Teacher Tristen Bodle travels the world

Charlotte DeForrest

“[Traveling] is what floats my boat. Some people like to collect money or cars or houses or they put a lot of effort into their careers to see how far they can advance. But for me, I like to collect experiences,” Tristen Bodle, a newly returned Redwood Spanish teacher, said. 

Tristen is an avid traveler who has lived in or visited close to 40 counties, including Sri Lanka, Oman, Thailand and Tanzania. He believes his fascination with traveling started after living in Costa Rica during his childhood and attending an international school for Kindergarten.

Following Costa Rica, Tristen lived in the Bay Area and graduated from Redwood in 1988. During his time at Redwood, Tristen was able to pursue his love of traveling by visiting Ecuador as a part of Redwood’s Amigos de Las Americas program. This program allows high school students to travel to Spanish-speaking countries and participate in volunteer work.

“I have always been naturally curious. I have always wanted to know what life was like in different places. I just wanted to see the world, even when I was at Redwood,” Tristen said. 

Tristen then studied abroad in both Ecuador and Spain while attending the University of Oregon. Following his graduation, Tristen toured several South American countries and volunteered for the Peace Corps in Bolivia, focusing on rural sanitation and creating potable water by building wells, water systems and latrines in the mountains.

“[Being in Bolivia] wasn’t always fun, sometimes it was boring. But, looking back on it, living in the mountains with the indigenous Quechua people, doing rural development projects, speaking Spanish and Quechua all day, was such a unique experience. Unlike being a tourist, I was fully immersed in the culture. That was definitely a formative experience for me,” Tristen said. 

In more recent years, Tristen, his wife and his children have lived in Saudi Arabia and Thailand, each for two years. In between their travels, Tristen returned to the Bay Area as a teacher, having worked at Tam, Archie Williams and Redwood. 

Sophomore Lucy Bodle, Tristen’s daughter, has been able to spend a large portion of her life overseas, immersed in different languages and cultures, due to her parents’ influence and history of traveling.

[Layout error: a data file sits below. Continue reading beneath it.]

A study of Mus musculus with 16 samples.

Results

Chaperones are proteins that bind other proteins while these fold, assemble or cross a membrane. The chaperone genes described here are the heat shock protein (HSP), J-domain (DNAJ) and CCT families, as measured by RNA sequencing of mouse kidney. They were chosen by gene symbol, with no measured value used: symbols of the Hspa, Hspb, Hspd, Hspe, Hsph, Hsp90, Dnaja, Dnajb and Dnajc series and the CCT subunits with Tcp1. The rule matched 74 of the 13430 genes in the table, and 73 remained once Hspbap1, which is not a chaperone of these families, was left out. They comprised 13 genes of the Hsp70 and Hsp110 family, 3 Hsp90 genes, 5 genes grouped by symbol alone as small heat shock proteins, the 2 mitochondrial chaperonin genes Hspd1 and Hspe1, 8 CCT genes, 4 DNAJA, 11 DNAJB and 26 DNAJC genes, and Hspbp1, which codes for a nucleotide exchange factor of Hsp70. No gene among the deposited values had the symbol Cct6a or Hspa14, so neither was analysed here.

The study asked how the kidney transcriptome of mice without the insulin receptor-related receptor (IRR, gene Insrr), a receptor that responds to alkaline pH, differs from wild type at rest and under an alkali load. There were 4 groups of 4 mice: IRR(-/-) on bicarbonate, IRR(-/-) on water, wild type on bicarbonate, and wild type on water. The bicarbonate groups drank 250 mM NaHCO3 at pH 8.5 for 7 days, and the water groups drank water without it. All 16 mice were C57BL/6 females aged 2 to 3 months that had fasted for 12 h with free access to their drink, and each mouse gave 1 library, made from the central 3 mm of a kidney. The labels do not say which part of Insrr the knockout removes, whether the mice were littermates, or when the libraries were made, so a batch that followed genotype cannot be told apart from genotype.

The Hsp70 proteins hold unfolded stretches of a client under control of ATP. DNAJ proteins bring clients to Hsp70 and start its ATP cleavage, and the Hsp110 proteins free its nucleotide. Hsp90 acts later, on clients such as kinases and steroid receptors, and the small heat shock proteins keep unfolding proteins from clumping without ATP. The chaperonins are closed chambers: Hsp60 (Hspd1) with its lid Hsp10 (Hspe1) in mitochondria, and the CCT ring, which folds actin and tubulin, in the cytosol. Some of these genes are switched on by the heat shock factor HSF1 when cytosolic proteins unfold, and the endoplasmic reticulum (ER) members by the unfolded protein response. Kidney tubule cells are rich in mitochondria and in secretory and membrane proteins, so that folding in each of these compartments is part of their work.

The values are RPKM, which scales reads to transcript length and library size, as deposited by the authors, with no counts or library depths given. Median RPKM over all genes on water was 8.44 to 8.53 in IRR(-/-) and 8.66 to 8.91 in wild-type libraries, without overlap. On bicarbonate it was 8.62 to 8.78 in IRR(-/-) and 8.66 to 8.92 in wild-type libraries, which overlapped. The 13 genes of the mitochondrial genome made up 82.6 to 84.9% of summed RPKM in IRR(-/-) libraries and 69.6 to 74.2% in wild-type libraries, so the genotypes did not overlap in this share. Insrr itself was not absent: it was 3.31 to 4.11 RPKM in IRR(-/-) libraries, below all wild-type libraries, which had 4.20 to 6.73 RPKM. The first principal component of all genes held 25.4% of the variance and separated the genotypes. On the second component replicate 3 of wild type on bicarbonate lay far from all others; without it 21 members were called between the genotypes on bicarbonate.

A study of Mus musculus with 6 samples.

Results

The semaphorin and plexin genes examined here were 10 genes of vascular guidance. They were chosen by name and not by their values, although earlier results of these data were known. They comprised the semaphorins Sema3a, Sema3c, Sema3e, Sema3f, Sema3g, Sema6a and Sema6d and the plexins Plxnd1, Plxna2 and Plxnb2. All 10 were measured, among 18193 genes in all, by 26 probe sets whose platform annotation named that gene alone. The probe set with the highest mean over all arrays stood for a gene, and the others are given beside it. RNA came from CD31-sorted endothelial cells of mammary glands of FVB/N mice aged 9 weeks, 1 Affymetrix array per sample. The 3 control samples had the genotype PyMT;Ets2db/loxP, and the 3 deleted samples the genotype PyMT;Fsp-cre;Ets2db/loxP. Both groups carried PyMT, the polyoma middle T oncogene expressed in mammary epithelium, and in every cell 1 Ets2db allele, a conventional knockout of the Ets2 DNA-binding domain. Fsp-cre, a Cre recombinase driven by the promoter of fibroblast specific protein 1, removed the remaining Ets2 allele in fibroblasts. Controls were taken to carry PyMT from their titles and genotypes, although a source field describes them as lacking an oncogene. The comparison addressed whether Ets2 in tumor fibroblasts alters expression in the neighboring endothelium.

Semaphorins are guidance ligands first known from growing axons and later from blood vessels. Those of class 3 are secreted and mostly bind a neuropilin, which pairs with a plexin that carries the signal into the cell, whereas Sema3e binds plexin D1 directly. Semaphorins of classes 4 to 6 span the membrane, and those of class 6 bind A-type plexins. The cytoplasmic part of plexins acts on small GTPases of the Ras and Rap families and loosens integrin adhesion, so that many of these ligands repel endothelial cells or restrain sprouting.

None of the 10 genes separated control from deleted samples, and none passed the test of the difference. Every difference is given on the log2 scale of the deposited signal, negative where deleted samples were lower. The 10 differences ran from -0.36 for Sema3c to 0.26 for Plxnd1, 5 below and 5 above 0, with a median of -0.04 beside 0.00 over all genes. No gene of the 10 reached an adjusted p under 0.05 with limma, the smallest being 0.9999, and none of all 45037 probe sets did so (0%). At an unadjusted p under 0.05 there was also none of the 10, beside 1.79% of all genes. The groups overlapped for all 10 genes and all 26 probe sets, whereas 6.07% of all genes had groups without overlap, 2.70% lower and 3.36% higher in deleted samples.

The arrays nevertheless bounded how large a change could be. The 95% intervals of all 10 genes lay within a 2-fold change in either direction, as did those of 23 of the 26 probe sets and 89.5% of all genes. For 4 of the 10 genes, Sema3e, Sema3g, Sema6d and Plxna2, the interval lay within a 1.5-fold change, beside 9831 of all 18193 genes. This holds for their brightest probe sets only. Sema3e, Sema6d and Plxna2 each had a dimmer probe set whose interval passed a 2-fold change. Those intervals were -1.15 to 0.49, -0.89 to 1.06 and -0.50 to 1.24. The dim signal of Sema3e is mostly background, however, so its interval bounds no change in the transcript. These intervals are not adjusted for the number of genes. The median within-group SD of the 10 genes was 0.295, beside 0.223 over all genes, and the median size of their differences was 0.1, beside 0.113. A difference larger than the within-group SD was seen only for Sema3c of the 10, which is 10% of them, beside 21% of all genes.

“Traveling is such an experience. Once you have a taste of it, it’s hard to not want to keep traveling,” Lucy said. “Traveling was embedded in my dad from the moment he was born and my mom lived in Japan for a long time. So when they got married, they wanted to make sure we had those experiences too.”

Tristen and Lucy both loved that living in other countries allowed them to experience different customs and ways of life. For Tristen, his firsthand experience immersed in the unique cultures he teaches about allows him to bring his lessons to life through vivid detail and anecdotes.

“I have so many stories to tell about different adventures I’ve had. If I’m trying to teach grammar or vocabulary, [I like to focus on] how certain words or phrases can be used in the real world context, applicable cultural differences or even embarrassing things that have happened to me in my travels. [Sharing these things] gives students a little peek into life overseas and the different countries,” Tristen said.

Tristen’s stories and personal experiences are aspects of his class that his former student, sophomore Olivia Villanova, enjoyed. 

“Last year we did presentations on different Spanish speaking countries and it was really cool to hear his insight because when we were presenting, he would tell stories about being there and it made [the places] come to life,” Villanova said. “He was able to tell us what [locals] would say, instead of what people who were visiting would say. I loved it.” 

Villanova was inspired to travel by listening to Tristen’s stories and now wants to take a year off in the future to travel.

Tristen encourages traveling at a young age, as Villanova hopes to do, because he believes that it can teach important lessons including gratefulness and empathy. 

“At the core, we are all the same. We all want to live our lives, be happy, take care of our families and have access to the basics: clean water, a roof over our head [and] education,” Tristen said. “And I’ll admit, sometimes I get down on living in Marin. But then I have to remind myself that we live in an amazingly beautiful place and have access to nature and cultural events. A lot of people don’t have [access to the things we do in Marin], so [traveling] gives me a little more sense of gratitude for the things that we do have.”